I Survived My First Yoga Class

In the real world, I’m the Minister to Youth and Families at a church in Downtown Orlando. On top of the tragedy that fell just blocks from my office, I spent this summer on four mission trips with various groups of teenagers. Since June 6 I spent more nights on blow-up mattresses and vinyl pads than I did in my own bed.

Would you believe this frequent travel schedule, along with being parent to 100 different children — none of which are actually mine — produces stress and tension? Just a small amount. Add in sleeping (or not sleeping) on the floor or on a wooden board, also known as a “camp bed,” and the end result is twisted shoulders and messed up muscles.

During my short stays back in town, I’d visit a massage therapist. Her task was simple: put me back together long enough to survive the next week. After one session she suggested I try a yoga class. Learning a few basic stretches that could be preformed while on trips could help remove tension and stress — at least that was the theory.

Due to a parent meeting for the next trip and debrief of the previous one, there was only one class I could attend in the six-days I was home. My wife and I booked the class: Warm Vinyasa. I had no idea what it meant and the fancy schedule app had no description, but my wife said it should be fine for my noob status.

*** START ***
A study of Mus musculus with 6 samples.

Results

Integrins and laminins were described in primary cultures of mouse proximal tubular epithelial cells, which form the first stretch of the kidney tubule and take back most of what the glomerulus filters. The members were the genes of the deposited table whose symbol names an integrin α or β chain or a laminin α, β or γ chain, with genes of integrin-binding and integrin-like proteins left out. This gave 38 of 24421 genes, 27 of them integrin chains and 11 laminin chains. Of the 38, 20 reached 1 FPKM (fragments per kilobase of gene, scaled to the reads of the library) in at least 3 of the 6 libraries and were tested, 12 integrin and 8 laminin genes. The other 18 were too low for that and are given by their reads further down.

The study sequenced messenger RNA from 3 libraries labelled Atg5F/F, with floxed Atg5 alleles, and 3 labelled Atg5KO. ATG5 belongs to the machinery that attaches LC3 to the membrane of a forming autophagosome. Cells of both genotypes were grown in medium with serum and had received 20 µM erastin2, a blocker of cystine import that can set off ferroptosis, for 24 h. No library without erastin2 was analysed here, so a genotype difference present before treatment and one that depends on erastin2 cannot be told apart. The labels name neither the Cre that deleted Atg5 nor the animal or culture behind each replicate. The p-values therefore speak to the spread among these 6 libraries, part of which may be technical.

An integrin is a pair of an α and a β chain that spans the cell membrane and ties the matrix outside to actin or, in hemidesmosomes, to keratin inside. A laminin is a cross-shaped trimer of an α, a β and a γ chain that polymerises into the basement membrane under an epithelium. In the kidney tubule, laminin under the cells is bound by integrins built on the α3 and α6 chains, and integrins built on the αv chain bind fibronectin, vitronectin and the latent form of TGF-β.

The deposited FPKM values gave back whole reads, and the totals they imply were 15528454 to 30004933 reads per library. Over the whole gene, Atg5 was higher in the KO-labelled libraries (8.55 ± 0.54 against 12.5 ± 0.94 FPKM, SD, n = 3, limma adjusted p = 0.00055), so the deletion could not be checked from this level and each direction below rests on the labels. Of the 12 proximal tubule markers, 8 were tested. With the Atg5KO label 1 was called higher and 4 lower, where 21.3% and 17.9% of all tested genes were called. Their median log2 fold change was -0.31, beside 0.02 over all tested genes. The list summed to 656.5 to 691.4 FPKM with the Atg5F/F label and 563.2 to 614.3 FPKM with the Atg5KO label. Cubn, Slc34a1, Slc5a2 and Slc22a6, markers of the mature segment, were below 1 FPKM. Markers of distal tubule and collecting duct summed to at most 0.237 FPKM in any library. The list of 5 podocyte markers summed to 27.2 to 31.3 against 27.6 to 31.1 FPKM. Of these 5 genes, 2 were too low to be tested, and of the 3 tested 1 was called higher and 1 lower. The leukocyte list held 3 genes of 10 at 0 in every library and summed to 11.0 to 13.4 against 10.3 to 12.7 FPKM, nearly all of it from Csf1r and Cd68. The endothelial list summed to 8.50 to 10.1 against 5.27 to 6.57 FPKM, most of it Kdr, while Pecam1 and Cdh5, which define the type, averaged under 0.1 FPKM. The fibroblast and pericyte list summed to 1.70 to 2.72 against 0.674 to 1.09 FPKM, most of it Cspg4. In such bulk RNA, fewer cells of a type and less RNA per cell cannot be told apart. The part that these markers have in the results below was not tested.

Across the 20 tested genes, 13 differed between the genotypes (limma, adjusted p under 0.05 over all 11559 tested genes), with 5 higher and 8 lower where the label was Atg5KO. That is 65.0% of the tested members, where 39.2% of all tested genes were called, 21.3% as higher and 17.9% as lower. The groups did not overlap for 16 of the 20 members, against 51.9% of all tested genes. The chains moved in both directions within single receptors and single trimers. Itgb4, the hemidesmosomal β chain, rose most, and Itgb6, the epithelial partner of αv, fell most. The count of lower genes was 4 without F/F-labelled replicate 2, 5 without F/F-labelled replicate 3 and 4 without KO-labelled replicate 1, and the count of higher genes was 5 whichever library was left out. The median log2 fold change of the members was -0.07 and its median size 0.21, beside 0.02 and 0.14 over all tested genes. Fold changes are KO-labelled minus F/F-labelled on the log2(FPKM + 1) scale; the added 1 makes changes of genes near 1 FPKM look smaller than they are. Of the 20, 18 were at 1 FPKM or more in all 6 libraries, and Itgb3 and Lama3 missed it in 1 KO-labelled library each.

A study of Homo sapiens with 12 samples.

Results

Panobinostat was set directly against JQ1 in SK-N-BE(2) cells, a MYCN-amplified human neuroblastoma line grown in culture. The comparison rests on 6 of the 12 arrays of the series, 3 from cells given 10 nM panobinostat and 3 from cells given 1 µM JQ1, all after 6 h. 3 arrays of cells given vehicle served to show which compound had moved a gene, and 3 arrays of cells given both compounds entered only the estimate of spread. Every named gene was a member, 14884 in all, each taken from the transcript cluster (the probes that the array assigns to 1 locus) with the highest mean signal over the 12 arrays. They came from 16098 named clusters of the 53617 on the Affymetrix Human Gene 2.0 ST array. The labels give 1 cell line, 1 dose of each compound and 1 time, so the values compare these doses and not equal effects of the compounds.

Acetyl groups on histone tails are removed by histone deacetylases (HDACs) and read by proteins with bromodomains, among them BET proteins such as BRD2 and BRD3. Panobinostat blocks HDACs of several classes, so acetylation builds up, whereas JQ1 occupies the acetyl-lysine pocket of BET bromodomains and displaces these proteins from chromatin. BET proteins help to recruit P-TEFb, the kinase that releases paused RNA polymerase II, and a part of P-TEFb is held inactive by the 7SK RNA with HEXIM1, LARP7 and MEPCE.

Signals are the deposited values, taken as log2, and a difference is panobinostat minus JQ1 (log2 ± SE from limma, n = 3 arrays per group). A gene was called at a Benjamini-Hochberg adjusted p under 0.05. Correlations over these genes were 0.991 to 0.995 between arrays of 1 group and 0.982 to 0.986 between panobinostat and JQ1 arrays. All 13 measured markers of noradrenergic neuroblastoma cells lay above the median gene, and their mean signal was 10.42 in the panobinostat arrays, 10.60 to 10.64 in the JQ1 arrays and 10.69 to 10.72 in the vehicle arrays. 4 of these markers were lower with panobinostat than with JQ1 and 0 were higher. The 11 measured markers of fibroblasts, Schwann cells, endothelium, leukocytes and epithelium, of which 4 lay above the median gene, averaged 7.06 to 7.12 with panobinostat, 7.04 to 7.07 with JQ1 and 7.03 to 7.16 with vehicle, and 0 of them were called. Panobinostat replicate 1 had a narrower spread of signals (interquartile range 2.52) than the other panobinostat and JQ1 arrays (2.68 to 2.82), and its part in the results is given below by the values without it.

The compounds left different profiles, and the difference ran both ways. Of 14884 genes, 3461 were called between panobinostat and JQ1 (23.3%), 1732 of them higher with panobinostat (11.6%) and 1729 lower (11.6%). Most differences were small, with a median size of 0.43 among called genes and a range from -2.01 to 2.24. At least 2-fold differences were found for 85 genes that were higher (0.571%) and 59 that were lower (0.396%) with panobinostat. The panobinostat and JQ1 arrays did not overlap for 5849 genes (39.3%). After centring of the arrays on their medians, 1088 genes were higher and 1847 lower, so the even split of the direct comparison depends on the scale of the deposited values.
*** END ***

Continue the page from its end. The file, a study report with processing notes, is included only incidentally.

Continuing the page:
This has been the hottest summer on record. In June I spent a week sleeping in 90+ degree heat with no air flow in the Dominican Republic. I spent four-days working in a shade-less field in Starke, Florida with daily heat indexes pushing 114 degrees. None of those things produced as much sweat as that 60-minute yoga class. It wasn’t even close.

The Aussie woman instructing began with a simple pose: at least that’s how she referred to it. To me, it was a test in flexibility and stamina — both of which I have none. About 10 minutes in I felt like I was going to die. I was soaking wet and trying not to fall over or, even worse, somehow get tangled up within myself. At the time, this felt like a very real possibility. Between the heat, the pain in every one of my muscles, my inability to balance or bend or flex or, well, anything, I very much wanted to die.

But then I didn’t die.

In fact, by the end of it when I was lying on the floor trying to sink into the ground or whatever, I didn’t feel half bad.

I didn’t like the heat. I didn’t like the sweating. I didn’t like not being able to follow along with the instructor. But, I liked the class?

I’ve got a second class scheduled. While I’m pretty sure I’m not going to become some tie-died spandex wearing hippie who “goes to yoga,” there might be something to this whole stretching and balance thing. If it does help relieve stress and tension, then I guess all the pain is worth it.

At least, that’s what people who go to yoga tell me.

Co-Founder of The Writing Cooperative ➡️ Connect at JustinCox.com.